By Peter McLaren-Kennedy • 25 June 2022 • 10:52
Michael Rosen’s anniversary poem marks awful paradox of Anne Frank’s diary
Entitled a “Sonnet for Anne Frank” the former children’s laureate Michael Rosen said he wrote it because sonnets have “a certain kind of dignity” and give “you time to reflect”.
In the sonnet Rosen addresses Frank directly saying: “You compressed so much life into that loft”, but that “each time we read, we struggle to enjoy / your love of life while knowing how it ended”.
Speaking about the sonnet he said: “I’ve got an unresolved dilemma in the poem, which is that in the diary you’re reading a person who is so alive and so full of hope and life’s details and problems from a teenager’s point of view, but it’s almost impossible to read it without thinking of her terrible fate. So there is an awful paradox between the living spirit of the diary and the knowledge that you have.
“[The poem] makes a space for the reader to dwell on that paradox, which is in its own way quite painful. You laugh a lot with Anne Frank, and you think she’s having fun at the neighbours’ expense, and then you just suddenly have this simultaneous sense of being appalled by the terrible end.
“And that’s why it ends on the word ‘ended’.”
Anne Frank gained fame for her diary that she wrote hidden away with her family in her father Otto’s workplace in Amsterdam during World War II. The diary was given to her as a present on her 13th birthday.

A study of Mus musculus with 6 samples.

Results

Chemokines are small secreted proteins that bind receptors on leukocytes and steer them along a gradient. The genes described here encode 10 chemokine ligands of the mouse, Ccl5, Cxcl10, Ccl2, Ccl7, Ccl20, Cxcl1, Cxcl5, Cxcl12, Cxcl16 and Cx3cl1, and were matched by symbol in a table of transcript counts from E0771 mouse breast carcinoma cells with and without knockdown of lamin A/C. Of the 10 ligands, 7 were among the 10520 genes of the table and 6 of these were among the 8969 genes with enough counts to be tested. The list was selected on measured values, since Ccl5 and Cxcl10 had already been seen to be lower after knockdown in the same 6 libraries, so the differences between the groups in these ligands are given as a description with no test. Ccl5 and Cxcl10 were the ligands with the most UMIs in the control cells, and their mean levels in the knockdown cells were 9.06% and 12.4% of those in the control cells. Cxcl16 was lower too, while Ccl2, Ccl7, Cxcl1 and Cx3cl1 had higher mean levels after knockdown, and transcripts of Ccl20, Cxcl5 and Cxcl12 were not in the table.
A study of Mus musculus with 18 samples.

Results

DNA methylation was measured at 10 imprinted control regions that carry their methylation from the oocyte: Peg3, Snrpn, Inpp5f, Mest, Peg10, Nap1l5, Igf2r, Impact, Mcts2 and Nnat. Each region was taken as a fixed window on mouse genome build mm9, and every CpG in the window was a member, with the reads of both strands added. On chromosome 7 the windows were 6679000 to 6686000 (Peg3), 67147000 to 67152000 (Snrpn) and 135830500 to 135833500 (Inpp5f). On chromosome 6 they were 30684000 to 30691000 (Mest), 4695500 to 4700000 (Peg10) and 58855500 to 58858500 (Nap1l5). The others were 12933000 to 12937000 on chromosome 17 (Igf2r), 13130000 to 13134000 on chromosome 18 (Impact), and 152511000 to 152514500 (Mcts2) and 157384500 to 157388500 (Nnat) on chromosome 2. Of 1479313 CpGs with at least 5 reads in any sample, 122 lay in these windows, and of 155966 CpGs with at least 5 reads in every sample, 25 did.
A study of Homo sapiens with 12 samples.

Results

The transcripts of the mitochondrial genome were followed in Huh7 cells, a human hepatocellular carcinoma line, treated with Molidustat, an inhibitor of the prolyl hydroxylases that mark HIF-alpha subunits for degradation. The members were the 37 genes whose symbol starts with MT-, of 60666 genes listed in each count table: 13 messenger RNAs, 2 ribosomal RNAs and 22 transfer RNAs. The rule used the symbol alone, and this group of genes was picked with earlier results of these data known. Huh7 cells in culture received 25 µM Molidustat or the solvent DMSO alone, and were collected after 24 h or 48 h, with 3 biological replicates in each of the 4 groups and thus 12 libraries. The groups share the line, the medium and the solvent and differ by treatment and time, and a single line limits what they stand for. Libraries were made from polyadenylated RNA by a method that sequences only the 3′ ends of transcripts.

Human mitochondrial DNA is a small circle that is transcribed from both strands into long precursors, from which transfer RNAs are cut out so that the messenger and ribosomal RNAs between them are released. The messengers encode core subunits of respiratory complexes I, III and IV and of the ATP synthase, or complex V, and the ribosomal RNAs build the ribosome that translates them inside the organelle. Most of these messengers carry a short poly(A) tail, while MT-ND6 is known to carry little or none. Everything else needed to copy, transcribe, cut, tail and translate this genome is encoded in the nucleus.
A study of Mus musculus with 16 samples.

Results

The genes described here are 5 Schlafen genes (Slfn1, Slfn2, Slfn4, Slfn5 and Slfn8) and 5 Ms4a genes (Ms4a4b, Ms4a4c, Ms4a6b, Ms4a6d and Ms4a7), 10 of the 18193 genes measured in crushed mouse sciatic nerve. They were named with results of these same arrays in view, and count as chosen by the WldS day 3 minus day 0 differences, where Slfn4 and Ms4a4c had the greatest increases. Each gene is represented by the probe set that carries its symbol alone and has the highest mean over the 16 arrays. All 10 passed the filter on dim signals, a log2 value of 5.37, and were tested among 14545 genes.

After Frank and her family were discovered by the Nazis, her father’s secretary found the diary and gave it to him when the war was over. Otto was the sole surviving member of the family.
Otto decided to publish the diary, as Anne would’ve had wished with the translated version from Dutch to English, becoming known as “The Diary of a Young Girl.” The diary became internationally renowned for its stark and honest account of the nightmare of living through the Nazi occupation.
Rosen, Professor of Children’s Literature at Goldsmiths, University of London was commissioned by the Anne Frank Trust to commemorate the 75th anniversary. The Sonnet lays bare the awful paradox of the diary, the war and the life under Nazi occupation.
Since you took us into that attic space
no room under the eaves has been the same.
Wherever we go – our homes or others’ –
whenever we dip and duck under beams
you are in the shadows, writing pages
laughing, crying, eating, daring to love
imagining a better world than yours.
How you wrote leads us to think we know you.
You compressed so much life into that loft
which we pore over and love you for it
yet the real world – not the one you imagined –
didn’t allow you to live and write any more.
Each time we read, we struggle to enjoy
your love of life while knowing how it ended.